Should I Replace the Compressor or the Whole Unit?
TechXpert verified by Ken Kontra
If your air conditioner is 10 years or older, it’s probably time to replace your whole unit rather than install a new compressor. While the average air conditioner has a lifespan of 10 to 15 years, your compressor can have other ideas. Since your compressor is supposed to last the lifetime of your unit, when it calls it quits — it's a big bummer. AC compressor replacement can be costly. So depending on the age and condition of your unit, you could save more money and enjoy a more comfortable home if you replace your AC unit entirely.
Factors to Consider
Air conditioners work best when they’re reaching their full potential. If your unit is having trouble just going through the motions, it may be time to consider whether you should fix the problem or replace the whole unit.
First, you need to know whether the compressor failure was mechanical or electrical. An electrical failure, or burnout as it is called, is more serious. A burnout failure is when there is an electrical short of the compressor motor windings. This event creates acid and carbon within the refrigerant system. It is very difficult and costly to correct. The compressor burnout cleanup procedure can easily add $2,500 to the cost of replacing the compressor. System replacement is the best choice if a compressor burnout has occurred.
A mechanical failure, on the other hand, means that the internal parts of the compressor no longer allow it to pump refrigerant. The compressor replacement, in this case, will not require extensive work.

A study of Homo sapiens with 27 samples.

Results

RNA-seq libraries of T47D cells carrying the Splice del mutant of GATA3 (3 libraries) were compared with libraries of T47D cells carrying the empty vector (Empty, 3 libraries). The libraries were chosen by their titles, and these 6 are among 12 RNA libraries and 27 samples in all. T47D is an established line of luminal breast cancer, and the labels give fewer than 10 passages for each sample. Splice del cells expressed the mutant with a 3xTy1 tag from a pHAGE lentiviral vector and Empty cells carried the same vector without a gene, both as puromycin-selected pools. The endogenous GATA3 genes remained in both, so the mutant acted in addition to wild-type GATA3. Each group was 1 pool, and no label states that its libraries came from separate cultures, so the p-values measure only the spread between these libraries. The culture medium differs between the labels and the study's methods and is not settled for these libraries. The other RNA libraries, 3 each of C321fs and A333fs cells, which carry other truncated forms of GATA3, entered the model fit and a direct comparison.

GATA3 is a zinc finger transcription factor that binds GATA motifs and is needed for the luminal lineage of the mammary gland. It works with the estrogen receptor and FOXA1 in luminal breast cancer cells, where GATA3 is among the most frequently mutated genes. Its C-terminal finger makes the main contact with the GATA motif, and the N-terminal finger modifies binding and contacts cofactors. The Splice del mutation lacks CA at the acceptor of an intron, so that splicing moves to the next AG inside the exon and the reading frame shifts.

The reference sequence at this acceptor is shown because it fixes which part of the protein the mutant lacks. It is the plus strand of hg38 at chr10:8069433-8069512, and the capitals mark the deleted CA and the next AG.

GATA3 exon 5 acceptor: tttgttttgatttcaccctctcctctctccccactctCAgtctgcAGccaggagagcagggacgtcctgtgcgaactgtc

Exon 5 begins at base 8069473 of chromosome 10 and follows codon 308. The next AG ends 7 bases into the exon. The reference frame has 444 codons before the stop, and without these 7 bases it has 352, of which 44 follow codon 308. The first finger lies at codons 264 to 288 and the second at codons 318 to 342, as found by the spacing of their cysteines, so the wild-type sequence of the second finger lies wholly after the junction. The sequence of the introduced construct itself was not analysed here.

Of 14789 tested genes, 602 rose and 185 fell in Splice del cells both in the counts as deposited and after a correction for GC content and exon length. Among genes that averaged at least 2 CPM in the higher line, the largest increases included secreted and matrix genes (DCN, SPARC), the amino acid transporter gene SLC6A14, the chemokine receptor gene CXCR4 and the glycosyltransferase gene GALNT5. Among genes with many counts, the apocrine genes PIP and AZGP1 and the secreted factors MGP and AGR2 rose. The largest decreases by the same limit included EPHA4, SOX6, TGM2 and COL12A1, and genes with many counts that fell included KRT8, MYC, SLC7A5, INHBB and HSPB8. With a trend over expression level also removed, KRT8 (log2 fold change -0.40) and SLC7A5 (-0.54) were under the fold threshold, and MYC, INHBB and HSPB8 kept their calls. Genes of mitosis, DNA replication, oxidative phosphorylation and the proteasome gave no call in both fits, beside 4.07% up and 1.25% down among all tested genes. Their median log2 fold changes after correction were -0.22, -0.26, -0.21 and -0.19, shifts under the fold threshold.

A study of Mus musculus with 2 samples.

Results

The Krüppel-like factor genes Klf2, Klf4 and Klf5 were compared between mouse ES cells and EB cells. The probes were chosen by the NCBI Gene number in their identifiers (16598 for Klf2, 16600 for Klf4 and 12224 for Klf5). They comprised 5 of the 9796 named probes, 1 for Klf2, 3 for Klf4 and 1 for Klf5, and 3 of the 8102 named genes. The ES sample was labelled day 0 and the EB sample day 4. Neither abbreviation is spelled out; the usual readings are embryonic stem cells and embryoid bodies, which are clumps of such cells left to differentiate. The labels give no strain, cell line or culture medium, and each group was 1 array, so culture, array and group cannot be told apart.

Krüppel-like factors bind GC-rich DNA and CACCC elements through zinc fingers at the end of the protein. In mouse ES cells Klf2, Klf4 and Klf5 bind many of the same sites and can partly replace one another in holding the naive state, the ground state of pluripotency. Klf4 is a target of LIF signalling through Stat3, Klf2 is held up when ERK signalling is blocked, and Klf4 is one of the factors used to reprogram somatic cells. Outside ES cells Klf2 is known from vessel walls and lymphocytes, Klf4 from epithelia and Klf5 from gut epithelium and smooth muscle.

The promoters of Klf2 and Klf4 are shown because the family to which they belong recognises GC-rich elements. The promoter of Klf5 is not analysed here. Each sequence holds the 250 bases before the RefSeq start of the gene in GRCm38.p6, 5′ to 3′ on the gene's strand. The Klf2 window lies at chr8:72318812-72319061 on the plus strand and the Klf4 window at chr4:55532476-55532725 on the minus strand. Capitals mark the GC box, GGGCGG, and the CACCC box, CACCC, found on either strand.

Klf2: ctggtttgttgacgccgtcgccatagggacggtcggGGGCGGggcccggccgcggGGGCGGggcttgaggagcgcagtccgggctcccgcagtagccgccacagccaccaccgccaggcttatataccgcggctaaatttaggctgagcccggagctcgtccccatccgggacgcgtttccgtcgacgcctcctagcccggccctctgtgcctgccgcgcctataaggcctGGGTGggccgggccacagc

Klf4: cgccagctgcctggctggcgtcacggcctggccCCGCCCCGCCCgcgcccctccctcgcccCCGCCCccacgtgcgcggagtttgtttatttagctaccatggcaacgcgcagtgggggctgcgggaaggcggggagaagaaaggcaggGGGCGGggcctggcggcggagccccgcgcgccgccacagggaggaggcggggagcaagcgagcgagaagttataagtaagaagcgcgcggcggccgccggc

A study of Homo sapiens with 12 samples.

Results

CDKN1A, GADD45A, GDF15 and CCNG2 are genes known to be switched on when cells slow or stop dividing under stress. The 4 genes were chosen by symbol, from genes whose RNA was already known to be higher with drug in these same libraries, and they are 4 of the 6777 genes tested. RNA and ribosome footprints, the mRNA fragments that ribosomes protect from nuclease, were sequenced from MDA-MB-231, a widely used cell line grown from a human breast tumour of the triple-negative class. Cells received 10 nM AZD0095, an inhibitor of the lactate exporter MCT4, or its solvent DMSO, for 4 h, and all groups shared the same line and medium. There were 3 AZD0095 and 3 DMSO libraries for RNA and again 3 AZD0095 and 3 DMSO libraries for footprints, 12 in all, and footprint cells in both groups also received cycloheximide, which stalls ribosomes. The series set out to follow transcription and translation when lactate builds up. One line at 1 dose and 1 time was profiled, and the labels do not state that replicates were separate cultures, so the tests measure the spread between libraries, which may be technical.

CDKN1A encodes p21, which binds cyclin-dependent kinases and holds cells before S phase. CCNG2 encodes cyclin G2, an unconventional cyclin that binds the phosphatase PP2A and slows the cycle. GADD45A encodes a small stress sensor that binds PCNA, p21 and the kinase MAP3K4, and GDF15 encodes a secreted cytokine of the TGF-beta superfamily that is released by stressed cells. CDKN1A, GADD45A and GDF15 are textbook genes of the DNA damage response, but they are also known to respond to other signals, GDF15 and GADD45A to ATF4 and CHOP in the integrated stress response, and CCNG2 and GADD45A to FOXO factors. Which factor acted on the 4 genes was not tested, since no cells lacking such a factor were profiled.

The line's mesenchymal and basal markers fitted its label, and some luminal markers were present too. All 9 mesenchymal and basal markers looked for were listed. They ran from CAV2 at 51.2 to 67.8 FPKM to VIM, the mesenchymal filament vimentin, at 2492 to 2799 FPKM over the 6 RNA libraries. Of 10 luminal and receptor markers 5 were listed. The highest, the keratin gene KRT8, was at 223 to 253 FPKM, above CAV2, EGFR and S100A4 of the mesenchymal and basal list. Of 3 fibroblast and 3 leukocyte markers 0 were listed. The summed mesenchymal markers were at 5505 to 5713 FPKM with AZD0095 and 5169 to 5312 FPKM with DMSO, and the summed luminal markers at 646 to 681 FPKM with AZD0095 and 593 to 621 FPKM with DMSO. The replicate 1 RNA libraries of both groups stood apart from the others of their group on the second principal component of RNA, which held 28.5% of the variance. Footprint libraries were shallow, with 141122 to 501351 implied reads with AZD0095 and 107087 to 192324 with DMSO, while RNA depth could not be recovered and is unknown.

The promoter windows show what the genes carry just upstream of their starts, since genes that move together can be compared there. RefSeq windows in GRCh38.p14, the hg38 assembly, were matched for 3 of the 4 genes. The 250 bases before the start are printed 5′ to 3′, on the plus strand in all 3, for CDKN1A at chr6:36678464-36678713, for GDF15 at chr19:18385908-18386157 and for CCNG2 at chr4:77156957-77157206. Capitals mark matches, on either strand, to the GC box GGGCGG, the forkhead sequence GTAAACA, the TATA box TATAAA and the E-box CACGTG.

Time is of the Essence
As your system ages, parts tend to break down, work at slower speeds, and operate at diminished capacity. If your AC unit is older than 10 years, it’s likely you’ll experience problems with other parts as time goes on, so this is a good point to consider a full replacement. After all, compressor installation and replacement is costly and may not buy you much more time.
The average manufacturer warranty on your AC compressor is 10 years. That means if your compressor is under 10 years old, the cost of labor, refrigerant, and miscellaneous materials are the only fees you’ll likely have to pay to replace it. If your compressor is still under warranty, consider replacement. Otherwise, if a compressor is no longer under warranty, the cost for the compressor, labor, refrigerant, drier, and miscellaneous materials will cost $3,000-$4,000.
Systems count on every part doing its job perfectly: when some parts move quickly while others lag, it can lead to high utility bills, inability to cool the home, increased humidity, and noise levels. While your shiny new compressor might be working at full speed, other parts of your system could run at a slower pace, leading to malfunctions and less efficiency.
A compressor replacement isn’t always an obvious choice. Since the cost can be over 50% of the price to replace your whole system, there’s more to consider before moving forward. Take a close look at your AC, consider your warranties, and make a call based on your best judgment.